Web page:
Art or eyesore? Island split on mural
It was created to celebrate community cohesion, but a mural has split opinions on the Island.
George Green School students sprayed a design on the side of Manchester Road building last summer as part of a youth art project. But residents are keen to see it removed, claiming it makes the area "look like a ghetto".
Housing association Eastend Homes commissioned Year Nine pupils to work up the stencil-based creation on the theme of "Our People Our Planet". The project was funded by Wharf-based bank Morgan Stanley, and the 14-year-olds were assisted by Bromley-by-Bow public art group Signs Of Life.
Residents say they weren't told anything about the mural, and have since met the housing group to ask for it to be painted over.
Lifelong Isle of Dogs resident Lilian Murray, of Manchester Road, said: "I went on holiday, came back, went out to the shop and thought, 'What have they done here?'.
"It makes the estate look like a ghetto. It would be more acceptable if it was in good taste, or of something that reflects the Island's history.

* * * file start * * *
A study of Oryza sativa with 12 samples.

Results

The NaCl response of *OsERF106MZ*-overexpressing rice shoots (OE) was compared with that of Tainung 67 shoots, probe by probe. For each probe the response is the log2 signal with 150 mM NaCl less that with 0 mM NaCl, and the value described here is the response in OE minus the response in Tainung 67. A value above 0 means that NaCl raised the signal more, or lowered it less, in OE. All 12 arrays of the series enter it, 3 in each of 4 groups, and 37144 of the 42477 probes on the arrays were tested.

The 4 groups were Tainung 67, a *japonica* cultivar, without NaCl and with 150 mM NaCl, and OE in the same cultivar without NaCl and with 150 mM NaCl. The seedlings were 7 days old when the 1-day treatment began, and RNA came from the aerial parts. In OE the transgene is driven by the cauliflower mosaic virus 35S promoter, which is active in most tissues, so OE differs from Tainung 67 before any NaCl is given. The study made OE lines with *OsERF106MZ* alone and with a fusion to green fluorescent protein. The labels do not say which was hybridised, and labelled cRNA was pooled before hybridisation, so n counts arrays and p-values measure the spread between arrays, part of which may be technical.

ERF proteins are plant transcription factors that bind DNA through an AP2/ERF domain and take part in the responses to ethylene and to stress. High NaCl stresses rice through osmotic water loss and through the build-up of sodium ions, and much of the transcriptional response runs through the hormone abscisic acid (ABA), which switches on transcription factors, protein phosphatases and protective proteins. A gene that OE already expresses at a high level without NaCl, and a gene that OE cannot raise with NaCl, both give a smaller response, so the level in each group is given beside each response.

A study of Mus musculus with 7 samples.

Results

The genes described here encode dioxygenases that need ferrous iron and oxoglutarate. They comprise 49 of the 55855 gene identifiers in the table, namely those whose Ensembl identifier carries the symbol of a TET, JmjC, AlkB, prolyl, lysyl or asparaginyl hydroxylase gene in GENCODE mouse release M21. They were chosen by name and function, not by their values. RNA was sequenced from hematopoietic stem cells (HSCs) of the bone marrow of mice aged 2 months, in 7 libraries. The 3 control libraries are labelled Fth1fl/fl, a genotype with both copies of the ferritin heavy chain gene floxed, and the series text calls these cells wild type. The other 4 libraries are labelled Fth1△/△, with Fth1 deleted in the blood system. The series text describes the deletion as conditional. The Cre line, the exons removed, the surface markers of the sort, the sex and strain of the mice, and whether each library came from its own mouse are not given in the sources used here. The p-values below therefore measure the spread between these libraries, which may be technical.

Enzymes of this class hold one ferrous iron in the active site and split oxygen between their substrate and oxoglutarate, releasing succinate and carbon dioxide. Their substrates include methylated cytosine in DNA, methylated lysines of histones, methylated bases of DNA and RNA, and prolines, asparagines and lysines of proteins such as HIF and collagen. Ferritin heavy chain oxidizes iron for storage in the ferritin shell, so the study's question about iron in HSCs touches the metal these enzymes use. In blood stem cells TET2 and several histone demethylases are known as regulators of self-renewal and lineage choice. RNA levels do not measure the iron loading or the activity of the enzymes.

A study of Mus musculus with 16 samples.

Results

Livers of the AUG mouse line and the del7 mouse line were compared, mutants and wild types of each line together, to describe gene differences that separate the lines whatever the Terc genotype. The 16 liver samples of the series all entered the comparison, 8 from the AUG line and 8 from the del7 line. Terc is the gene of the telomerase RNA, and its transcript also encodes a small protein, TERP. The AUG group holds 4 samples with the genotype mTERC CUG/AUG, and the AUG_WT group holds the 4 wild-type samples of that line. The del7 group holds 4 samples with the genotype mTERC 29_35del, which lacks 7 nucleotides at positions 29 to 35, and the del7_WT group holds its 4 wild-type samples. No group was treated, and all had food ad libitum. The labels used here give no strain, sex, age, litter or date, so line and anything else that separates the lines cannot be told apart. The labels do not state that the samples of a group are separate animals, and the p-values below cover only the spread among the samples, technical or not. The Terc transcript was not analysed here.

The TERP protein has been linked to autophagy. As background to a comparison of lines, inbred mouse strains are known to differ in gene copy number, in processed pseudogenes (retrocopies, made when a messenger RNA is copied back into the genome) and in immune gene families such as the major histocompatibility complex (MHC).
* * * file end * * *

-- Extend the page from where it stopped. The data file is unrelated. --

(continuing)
"The residents I've talked to had no idea it was going up whatsoever. I'd never seen any graffiti on the wall before. It was just a wall.
"We were going to set up a petition to see what residents want, but Eastend Homes has said it is looking into it, so we've put it on hold."
George Green's Lee Diep Chu takes a different view, arguing that the mural has solved the problem of graffiti on the building.
The youth and community manager said: "I've lived on the Island all my life and there often used to be graffiti on that wall.
"We've only had one tag there since the mural went up, so it's made a huge difference.
"The pupils came up with the ideas in sessions in school. It's about community cohesion. We've got the theme of the planet and there's a river which represents the Thames. The silhouettes represent the young people that made it, and the colours represent the diversity of the community.
"I appreciate that we used spray paint, but the font and style is not graffiti and not ghetto-like. It's a piece of artwork that young people have contributed towards."